When others come to us with their problems, it is really easy to provide the solution. Learning to resist this temptation and instead help work out a solution and not take ownership is key to good parenting, friendship and leadership.
Today I look square in the mirror as I type. I am a self-diagnosed people pleaser who has to work hard at not assuming everyone else’s problems as my own.
I’m in recovery – have been in remission for years. But it takes a lot of work to stay sober.
What I’m talking about is staying in my own lane. Traditionally, when someone comes to me to discuss a problem, I immediately go to work looking for a solution and start offering up the solutions before I completely understand it.
In the early years of marriage, this drove Steph nuts. According to “Men are From Mars, Women are from Venus,” author John Gray describes this as a typical friction point between men and women. But in the workplace, I’ve seen (looking in the mirror here as well) this play out regardless of gender.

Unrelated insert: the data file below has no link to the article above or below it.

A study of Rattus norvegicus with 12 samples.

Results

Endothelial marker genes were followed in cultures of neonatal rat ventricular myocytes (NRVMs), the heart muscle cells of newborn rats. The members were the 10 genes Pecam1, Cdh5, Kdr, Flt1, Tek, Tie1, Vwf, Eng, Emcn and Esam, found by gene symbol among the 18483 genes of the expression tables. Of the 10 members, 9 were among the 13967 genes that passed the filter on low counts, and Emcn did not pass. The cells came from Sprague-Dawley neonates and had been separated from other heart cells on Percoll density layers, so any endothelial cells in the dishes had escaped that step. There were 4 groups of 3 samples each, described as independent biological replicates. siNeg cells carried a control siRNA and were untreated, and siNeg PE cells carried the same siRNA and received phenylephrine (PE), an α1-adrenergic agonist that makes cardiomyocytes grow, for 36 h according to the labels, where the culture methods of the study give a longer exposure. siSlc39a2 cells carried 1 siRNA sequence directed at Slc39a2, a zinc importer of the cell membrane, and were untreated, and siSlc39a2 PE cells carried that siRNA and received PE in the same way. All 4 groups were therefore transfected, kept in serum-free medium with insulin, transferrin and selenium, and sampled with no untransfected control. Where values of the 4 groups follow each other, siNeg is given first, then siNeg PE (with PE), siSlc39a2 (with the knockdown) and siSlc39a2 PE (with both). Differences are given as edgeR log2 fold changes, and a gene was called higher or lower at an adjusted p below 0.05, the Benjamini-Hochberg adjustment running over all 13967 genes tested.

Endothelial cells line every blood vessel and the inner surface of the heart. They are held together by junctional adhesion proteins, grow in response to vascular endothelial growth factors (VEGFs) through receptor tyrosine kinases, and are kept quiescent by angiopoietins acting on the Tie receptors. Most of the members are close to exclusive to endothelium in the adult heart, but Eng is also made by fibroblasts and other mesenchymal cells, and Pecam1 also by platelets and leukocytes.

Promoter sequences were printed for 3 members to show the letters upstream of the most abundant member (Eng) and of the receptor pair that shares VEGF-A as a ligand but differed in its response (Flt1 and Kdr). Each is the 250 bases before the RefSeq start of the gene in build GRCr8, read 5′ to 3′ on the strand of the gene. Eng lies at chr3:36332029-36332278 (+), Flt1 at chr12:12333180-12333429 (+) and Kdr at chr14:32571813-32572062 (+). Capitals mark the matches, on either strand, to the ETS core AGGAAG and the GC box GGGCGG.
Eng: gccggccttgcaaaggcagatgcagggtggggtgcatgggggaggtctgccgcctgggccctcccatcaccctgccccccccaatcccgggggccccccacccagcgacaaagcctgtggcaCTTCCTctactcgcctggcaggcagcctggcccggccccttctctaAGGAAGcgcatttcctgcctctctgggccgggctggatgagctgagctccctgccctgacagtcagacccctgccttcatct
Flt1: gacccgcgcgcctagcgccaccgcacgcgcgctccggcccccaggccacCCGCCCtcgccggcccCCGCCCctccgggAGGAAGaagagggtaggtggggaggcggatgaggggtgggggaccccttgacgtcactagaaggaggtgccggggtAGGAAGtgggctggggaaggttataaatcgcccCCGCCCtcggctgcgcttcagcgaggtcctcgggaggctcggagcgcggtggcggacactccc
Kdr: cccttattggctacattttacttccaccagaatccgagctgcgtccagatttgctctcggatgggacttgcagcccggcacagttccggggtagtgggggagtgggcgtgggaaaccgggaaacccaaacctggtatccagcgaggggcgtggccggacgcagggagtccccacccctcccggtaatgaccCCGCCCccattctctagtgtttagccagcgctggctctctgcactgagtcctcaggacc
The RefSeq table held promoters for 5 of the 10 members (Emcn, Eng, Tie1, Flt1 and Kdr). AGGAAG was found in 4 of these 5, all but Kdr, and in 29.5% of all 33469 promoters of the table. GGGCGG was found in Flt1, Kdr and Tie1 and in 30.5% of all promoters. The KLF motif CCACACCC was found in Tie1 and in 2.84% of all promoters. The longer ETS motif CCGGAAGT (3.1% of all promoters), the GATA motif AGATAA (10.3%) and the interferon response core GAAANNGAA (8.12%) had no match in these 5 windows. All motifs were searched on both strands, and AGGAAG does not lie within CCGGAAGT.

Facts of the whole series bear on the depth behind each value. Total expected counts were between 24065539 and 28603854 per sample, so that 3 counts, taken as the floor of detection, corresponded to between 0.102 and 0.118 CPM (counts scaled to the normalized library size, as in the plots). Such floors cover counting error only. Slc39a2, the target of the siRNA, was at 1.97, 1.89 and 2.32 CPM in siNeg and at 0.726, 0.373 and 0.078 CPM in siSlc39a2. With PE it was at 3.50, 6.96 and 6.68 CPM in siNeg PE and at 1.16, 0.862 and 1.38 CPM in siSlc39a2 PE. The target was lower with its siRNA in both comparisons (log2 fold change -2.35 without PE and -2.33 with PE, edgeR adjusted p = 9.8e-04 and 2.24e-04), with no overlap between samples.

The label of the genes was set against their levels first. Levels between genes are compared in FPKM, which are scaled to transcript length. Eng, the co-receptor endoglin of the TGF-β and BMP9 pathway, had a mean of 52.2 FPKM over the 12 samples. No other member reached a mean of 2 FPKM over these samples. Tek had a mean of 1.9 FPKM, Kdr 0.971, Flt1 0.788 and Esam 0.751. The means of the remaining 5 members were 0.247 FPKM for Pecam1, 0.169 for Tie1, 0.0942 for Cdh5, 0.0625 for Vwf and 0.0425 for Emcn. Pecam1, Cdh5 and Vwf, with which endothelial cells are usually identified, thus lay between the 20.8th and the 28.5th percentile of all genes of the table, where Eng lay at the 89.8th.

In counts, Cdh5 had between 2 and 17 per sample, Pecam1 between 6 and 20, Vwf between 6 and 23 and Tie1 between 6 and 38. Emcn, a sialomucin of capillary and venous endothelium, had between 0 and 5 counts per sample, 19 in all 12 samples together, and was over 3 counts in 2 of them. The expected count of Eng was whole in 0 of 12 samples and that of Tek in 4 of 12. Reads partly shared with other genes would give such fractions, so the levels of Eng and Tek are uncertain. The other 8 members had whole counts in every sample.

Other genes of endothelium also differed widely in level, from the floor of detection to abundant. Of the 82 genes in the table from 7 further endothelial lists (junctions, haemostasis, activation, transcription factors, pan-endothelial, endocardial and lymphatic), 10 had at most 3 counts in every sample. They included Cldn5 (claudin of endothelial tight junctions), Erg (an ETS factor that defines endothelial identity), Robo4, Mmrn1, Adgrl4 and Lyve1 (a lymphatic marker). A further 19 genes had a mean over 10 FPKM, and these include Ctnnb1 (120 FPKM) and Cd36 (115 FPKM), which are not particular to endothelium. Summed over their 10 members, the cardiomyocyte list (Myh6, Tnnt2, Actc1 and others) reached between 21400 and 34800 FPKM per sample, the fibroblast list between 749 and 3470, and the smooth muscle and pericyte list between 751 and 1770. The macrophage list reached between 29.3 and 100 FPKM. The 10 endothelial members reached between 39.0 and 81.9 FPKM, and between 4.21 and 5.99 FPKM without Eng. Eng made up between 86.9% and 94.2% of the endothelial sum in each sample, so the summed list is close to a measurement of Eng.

If you are like me, a good analogy helps better define the situation. Turning to another book, Multipliers, authors Liz Wiseman (should be Wise-Woman) and Greg Mckeown teach about how to become an “Investor” in others:
“When you see your team members are struggling, offer help, but have an exit plan . . .. Imagine yourself at the whiteboard, adding a few ideas to the collective thinking on the board. You finish your thought and then hand back the pen.” ~ page 191
In the workplace, it can often feel like timelines are too tight, the demands are too pressing and the temptation is to save time and hassle by just doing something yourself or directing others to do things your way.
But making that investment to allow others to struggle, learn, and grow – and take ownership of a problem and solution – has long term benefits. When I think of my mentors, they are always great listeners, they are heavily invested in me, but they refuse to own my problems. They instead talk it through with me, provide encouraging words, and then hand back the pen.
Learn: Pay attention to your language today to others – and your thoughts. When you hear a problem, do you want to jump in and fix it?
Act: Practice active listening. But in the process use the language: “I’m happy to help think this through, but I’m still looking to you to lead this going forward.” “I’m here to back you up. What do you need from me as you lead this?” (also on page 191 of Multipliers)
Share: Share you thoughts, but then give back the pen! And please share your comments below on how I can be a better “Investor” and not a detractor.